Increased use of reverse total shoulder arthroplasty (RTSA) has led to an understanding of unique complications such as acromial stress fractures (ASFs). The factors associated with ASFs are not fully known. This study investigates the incidence and predictors of ASFs following RTSA.

All RTSAs performed at a single tertiary referral hospital were retrospectively reviewed. ASF findings were classified as a definitive acromial or scapular spine stress fracture based on radiographic findings or stress reaction based on clinical findings (pain and tenderness at the acromion or acromial spine) without radiographic changes. Preoperative and postoperative radiographs were reviewed for radiographic predictors of postoperative acromial stress pathology. Clinical factors and implant characteristics were also investigated.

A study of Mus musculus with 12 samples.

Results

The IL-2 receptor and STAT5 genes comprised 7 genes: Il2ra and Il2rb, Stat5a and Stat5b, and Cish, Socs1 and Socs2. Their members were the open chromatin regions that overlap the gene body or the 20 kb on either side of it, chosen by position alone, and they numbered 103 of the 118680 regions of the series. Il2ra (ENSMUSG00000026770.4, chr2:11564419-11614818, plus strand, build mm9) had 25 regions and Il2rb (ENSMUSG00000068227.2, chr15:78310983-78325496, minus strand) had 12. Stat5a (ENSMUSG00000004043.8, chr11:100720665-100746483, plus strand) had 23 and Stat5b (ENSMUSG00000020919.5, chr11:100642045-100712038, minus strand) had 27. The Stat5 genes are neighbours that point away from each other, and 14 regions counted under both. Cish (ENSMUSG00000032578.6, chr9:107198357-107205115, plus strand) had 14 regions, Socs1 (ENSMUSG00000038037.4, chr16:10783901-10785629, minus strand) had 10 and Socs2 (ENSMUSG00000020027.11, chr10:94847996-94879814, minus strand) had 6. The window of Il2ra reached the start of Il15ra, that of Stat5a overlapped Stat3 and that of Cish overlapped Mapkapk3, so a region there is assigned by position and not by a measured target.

Between September 2010 and January 2017, a total of 1170 RTSAs were performed, with 958 cases (81.9%) having at least 3 months' clinical follow-up (mean, 407 days; range, 90-1698 days). There were 40 ASFs (4.2%) and 61 acromial stress reactions (6.4%). For fractures and reactions, symptom onset averaged 8.8 and 7.3 months (P = .37), respectively, with durations of 4.5 and 2.9 months (P = .02), respectively, following RTSA. Independent predictors of acromial stress pathology were female sex, decreased change in deltoid length, and increased preoperative glenohumeral center-of-rotation medialization.

Acromion-related symptoms are common following RTSA. Female patients with increased preoperative center-of-rotation medialization had an increased incidence of ASFs. Although this study establishes which patients are at risk of ASFs, methods for prevention of ASFs in these patients remain unclear.